Grammar school students’ success ‘down to privilege,’ new reports finds

Posted On: 
27th March 2018

The apparent success of grammar schools compared to state schools can be attributed to the privilege of the students not the superiority of the institutions, a new report has found.

Grammar schools' success can be attributed to the abilty and background of the students, a new report has found
Credit: 
PA

A study by Durham University found that once pupils’ higher ability and background had been factored in grammar schools performed no differently to their non-selective counterparts.

The Government has expressed its intention to increase the number of grammar school places, with the goal of raising educational standards.


According to the study, England’s grammars fail to take on children from more deprived backgrounds, with only a tiny proportion of their intake eligible for free school meals.

Prof Stephen Gorard, from Durham's School of Education, said: "Dividing children into the most able and the rest from an early age does not appear to lead to better results for either group.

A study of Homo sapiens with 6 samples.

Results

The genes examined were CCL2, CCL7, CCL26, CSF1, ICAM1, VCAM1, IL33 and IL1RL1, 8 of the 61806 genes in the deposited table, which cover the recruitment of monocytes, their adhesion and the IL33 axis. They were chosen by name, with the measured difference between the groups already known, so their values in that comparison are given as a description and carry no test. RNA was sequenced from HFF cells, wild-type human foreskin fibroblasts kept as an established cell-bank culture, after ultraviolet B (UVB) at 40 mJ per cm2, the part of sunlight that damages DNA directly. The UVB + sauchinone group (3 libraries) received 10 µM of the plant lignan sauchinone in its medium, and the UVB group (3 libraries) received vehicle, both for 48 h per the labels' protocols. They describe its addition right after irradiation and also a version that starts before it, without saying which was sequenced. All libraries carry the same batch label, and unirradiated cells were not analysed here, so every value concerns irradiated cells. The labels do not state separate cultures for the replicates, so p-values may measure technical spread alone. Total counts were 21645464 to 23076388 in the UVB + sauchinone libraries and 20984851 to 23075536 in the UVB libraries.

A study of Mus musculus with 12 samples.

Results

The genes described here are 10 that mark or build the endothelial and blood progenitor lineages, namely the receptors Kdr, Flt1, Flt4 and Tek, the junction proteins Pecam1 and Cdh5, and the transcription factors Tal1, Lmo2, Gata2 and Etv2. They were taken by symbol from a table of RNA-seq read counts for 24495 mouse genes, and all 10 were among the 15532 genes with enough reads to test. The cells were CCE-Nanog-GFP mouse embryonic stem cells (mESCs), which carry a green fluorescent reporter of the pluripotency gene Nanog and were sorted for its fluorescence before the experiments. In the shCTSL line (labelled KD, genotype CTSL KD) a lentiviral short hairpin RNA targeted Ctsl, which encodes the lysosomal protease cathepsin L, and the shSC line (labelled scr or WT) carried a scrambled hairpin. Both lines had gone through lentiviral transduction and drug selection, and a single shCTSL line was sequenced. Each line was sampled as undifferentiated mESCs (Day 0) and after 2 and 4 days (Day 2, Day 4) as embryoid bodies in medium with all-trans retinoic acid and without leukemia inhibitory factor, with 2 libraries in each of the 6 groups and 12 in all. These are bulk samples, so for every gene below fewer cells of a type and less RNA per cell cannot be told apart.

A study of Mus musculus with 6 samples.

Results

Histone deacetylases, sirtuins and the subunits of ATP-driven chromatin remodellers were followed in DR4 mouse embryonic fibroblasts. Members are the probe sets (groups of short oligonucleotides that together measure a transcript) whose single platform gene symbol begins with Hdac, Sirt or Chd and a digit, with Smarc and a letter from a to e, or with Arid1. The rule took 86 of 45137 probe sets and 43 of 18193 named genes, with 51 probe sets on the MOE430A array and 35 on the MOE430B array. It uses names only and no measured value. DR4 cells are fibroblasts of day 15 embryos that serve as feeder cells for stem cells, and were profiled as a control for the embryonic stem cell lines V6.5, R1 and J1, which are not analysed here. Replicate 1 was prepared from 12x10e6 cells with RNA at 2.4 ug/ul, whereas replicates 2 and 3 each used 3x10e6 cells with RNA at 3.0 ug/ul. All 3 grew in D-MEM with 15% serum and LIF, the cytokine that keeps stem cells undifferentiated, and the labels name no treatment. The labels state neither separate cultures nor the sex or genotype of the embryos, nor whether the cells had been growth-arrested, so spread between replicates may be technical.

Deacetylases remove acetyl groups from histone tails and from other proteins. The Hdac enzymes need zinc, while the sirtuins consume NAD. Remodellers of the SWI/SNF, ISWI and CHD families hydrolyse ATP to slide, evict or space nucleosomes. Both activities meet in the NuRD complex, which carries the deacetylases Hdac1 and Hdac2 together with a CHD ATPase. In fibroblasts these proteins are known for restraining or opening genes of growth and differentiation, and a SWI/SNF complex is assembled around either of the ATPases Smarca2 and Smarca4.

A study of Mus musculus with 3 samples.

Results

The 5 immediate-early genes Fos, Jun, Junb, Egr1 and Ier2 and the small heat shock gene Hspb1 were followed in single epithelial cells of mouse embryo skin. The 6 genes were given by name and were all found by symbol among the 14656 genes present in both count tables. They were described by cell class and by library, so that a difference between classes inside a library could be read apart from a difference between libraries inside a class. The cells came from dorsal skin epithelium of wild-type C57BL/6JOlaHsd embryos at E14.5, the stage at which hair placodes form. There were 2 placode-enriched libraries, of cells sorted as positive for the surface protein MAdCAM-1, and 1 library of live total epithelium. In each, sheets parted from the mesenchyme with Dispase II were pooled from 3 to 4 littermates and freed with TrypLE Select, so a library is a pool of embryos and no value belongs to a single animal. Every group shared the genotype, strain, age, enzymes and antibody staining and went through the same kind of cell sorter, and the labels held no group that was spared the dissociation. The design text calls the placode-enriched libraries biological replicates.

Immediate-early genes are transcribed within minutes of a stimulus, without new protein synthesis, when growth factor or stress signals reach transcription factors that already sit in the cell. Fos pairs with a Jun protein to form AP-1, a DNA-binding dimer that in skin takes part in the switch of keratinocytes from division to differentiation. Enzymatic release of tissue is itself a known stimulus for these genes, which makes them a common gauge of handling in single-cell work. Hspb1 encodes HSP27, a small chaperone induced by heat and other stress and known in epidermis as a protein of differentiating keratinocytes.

"This means that the kind of social segregation experienced by children in selective areas in England, and the damage to social cohesion that ensues, is for no clear gain.

"This is not to decry the schools that are currently grammars, or the work of their staff.

"However, the findings mean that grammar schools in England endanger social cohesion for no clear improvement in overall results. The policy is a bad one."

A Department for Education official said: "We want every child to receive a world-class education and to give parents greater choice when it comes to picking the school that's right for them - grammar schools are a part of this.

"Around 60% of these schools already prioritise admissions for disadvantaged children, and we are continuing to work closely with the school sector to widen access further.

"Research shows that pupils from disadvantaged backgrounds make better progress across core subjects in selective schools, and attain better results."